From https://webbtelescope.org/resource-gallery/articles. (This is a slightly updated reprint of an article originally run Nov 2021.)
NASA’s James Webb Space Telescope (JWST), scheduled to launch on December 18, will primarily use its spectrographs – specialized instruments that capture and spread out light like a rainbow – to study exoplanets. By analyzing this data, known as spectra, researchers will be able to measure exoplanets’ compositions and chemistries. Spectra will help refine what we know about any exoplanet Webb observes, including massive gas giants, mid-sized ice giants, and smaller rocky exoplanets (some of which could be similar to Earth). In a few cases, JWST will deliver images of exoplanets to reveal more about them.
Wait, What Are Exoplanets?
Until the 1990s, we didn’t have any conclusive evidence of planets beyond our own solar system. Once the first few discoveries were made and confirmed, the field exploded. More than 30 years later, researchers have confirmed over 4,000 exoplanets and identified thousands more candidates. (Fun fact: Exoplanet is a term that is derived from the longer phrase “extrasolar planet.”)
In addition to the long lists of discoveries made in part by NASA’s Spitzer Space Telescope, NASA’s Hubble Space Telescope, and NASA’s Transiting Exoplanet Survey Satellite (TESS), researchers in this field hope to make significant strides with JWST. Researchers are especially interested in exoplanets that are located far enough from their stars to allow the presence of liquid water, which is known as the habitable zone. And although it is easier to detect larger gas giant exoplanets that are like Jupiter, we really want to know if there are other Earth-like planets out there. JWST will help us seek definitive evidence.
JWST will deliver details about exoplanets that no other telescope can.
From its position in space – and with its huge mirrors – JWST will be able to capture longer infrared wavelengths of light in high resolution for the first time. Earth’s atmosphere blocks certain types of light, including most infrared light. Although this filtration system is essential for life on Earth, it does limit what we can observe from the ground to a smaller band of near-infrared wavelengths. This is why JWST’s position in space is critical: It will be able to observe near-infrared light through the mid-infrared light, where more details about exoplanets are available for discovery.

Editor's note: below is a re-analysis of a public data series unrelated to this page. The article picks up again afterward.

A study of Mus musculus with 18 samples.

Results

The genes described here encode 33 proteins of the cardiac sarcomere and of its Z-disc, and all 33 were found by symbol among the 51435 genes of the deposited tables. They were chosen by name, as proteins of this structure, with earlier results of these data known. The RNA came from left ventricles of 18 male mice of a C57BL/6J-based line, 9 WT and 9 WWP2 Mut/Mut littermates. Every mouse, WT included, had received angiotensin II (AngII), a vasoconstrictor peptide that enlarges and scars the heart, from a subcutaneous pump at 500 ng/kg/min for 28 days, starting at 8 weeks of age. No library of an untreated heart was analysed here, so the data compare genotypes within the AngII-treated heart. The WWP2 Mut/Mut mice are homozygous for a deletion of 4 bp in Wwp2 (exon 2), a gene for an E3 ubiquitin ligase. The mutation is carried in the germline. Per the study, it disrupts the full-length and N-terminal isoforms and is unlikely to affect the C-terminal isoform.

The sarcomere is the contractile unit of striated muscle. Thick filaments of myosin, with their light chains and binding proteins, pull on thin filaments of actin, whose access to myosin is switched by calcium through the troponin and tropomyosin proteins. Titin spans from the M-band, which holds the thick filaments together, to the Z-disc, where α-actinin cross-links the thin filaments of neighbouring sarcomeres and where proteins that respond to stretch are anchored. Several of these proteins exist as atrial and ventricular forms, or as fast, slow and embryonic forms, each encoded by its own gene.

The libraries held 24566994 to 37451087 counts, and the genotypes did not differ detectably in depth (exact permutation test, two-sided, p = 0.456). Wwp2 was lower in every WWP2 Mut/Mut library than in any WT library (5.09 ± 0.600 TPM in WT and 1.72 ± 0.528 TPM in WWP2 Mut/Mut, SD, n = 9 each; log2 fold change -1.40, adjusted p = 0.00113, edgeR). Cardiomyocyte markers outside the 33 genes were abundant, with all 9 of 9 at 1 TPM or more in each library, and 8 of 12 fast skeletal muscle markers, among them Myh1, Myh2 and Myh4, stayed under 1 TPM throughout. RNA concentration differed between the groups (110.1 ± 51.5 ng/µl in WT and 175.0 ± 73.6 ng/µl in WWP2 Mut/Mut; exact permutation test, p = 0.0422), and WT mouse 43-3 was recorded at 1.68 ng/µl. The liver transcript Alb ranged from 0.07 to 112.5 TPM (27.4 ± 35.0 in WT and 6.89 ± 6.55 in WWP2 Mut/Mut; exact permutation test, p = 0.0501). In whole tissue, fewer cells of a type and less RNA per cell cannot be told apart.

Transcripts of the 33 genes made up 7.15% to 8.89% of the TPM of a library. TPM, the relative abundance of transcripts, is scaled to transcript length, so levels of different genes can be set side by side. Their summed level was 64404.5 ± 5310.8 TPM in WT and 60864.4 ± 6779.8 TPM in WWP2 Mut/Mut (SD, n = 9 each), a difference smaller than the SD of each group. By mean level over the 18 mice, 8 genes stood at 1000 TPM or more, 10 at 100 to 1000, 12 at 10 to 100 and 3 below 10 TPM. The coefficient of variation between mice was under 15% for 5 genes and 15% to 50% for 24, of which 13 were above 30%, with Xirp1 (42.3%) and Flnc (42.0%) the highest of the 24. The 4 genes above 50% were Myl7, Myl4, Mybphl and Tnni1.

How can JWST analyze exoplanets’ atmospheres?
Measuring a planet’s atmosphere from hundreds or thousands of light-years away is not as daunting as it may sound, though it certainly requires specialized instruments and rigorous techniques. One method is known as transmission spectroscopy. Here’s how it works: JWST will first observe the star itself to obtain its spectrum. Next, JWST will wait until the exoplanet passes in front of its star and then measure another spectrum. At this point, the exoplanet will be backlit, which means the light of the star filters through the planet’s atmosphere toward JWST. The planet’s atmosphere will absorb some of that starlight, which will appear as dips in the spectrum.
When researchers subtract the spectrum of the star from the combined spectrum of the star and the exoplanet, they are able to isolate which light was absorbed when it passed through the exoplanet’s atmosphere. Next, they will compare the light-absorption dips with extensive references that detail the light absorption of every molecule we’ve witnessed on Earth to determine which molecules are present in the exoplanet’s atmosphere.
Want to learn more about JWST? Attend Boise State Physics’ First Friday Astronomy event on Jul 7 at 7:30p when Dr. Catriona Murray of UC Boulder’s Astrophysics Dept. will discuss prospects for characterizing exoplanet atmospheres using JWST.